Individual Mandate Faces Supreme Test

by Jonathan B. Stepanian, Esq.
US Supreme Court

Even though I’m preparing for trial, this is a health law and policy blog and today — this week, really — is a big day for health and constitutional law.  I’d therefore be remiss in at least not acknowledging that the United States Supreme Court today heard argument on the constitutionality of the individual mandate provision of the Affordable Care Act.  Technically the case the Court was hearing was United States Department of Health and Human Services v. Florida.

The principal issue at today’s argument is whether the Commerce Clause in Article 1, Section 8 of the United States Constitution gives Congress the authority to require that citizens purchase health insurance.  Yes, there are other issues being raised this week, including whether the Court can even decide this issue now, before anyone is actually obligated to purchase insurance.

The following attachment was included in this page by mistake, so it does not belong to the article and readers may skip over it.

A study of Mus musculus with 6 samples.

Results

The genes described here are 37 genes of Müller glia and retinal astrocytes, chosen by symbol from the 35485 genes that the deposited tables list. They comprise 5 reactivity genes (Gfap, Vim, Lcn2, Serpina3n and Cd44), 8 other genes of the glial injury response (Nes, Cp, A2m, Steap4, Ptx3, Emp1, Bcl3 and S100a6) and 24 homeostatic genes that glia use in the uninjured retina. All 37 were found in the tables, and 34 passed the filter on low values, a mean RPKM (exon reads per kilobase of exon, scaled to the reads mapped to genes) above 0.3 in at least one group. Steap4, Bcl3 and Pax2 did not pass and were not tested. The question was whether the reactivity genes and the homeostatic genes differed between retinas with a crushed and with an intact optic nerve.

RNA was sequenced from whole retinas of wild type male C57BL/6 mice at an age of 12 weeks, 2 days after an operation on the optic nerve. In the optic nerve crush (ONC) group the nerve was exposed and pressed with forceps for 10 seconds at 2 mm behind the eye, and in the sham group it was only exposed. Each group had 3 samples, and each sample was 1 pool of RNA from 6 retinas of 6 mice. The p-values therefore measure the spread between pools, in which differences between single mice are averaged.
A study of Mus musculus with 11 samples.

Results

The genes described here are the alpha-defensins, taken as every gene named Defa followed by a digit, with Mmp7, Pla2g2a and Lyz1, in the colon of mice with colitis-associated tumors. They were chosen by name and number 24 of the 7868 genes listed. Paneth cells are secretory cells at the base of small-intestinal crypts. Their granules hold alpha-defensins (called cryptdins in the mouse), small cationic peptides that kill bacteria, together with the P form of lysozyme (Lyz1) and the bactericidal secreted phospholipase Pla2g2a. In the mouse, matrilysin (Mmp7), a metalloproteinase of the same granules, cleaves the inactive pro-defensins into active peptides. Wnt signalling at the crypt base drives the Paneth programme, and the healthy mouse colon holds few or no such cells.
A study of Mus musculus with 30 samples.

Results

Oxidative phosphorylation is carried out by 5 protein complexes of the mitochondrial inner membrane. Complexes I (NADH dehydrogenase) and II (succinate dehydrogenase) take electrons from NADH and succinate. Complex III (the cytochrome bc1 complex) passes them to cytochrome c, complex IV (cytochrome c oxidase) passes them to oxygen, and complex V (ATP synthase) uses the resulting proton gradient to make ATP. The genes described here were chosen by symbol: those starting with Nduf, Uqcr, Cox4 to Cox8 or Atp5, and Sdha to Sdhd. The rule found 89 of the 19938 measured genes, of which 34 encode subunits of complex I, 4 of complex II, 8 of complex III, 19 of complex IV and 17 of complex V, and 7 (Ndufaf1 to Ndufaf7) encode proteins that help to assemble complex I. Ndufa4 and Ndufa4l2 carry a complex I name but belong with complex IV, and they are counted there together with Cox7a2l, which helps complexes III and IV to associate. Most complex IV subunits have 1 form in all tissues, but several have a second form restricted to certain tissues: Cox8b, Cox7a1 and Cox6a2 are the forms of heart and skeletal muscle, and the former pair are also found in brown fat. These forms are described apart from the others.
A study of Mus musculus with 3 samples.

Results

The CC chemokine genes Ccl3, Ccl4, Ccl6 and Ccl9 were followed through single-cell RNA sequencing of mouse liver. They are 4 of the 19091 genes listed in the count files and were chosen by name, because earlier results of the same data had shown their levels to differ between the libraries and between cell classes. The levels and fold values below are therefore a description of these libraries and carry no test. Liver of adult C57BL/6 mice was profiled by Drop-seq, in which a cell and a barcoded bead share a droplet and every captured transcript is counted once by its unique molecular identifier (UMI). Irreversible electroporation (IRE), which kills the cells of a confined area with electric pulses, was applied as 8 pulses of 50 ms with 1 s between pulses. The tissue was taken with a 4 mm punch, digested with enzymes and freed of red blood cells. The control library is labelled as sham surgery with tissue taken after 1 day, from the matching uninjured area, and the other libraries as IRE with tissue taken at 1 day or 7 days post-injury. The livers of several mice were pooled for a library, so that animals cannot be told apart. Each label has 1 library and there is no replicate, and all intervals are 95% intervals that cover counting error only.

Because I’m in the throes of trial preparation, I offer the following reading suggestions: 1) SCOTUS Blog, which has extensive coverage; 2) the argument transcript available from the United States Supreme Court; and, 3) the audio of the argument available from the Supreme Court.

We’ll have a recap and thoughts around mid-April, when the dust has settled on this and our own cases.


Jonathan B. Stepanian, Esq.

Jon is an attorney whose practice is specialized in litigation, complex medical professional liability defense, health care, and providing legal counsel on numerous issues associated with day-to-day hospital operations. He has successfully tried several cases to verdict as first-chair trial counsel before juries in both state and federal court. Jon has also represented clients in appellate litigation, mediation, and in connection with administrative agency investigations.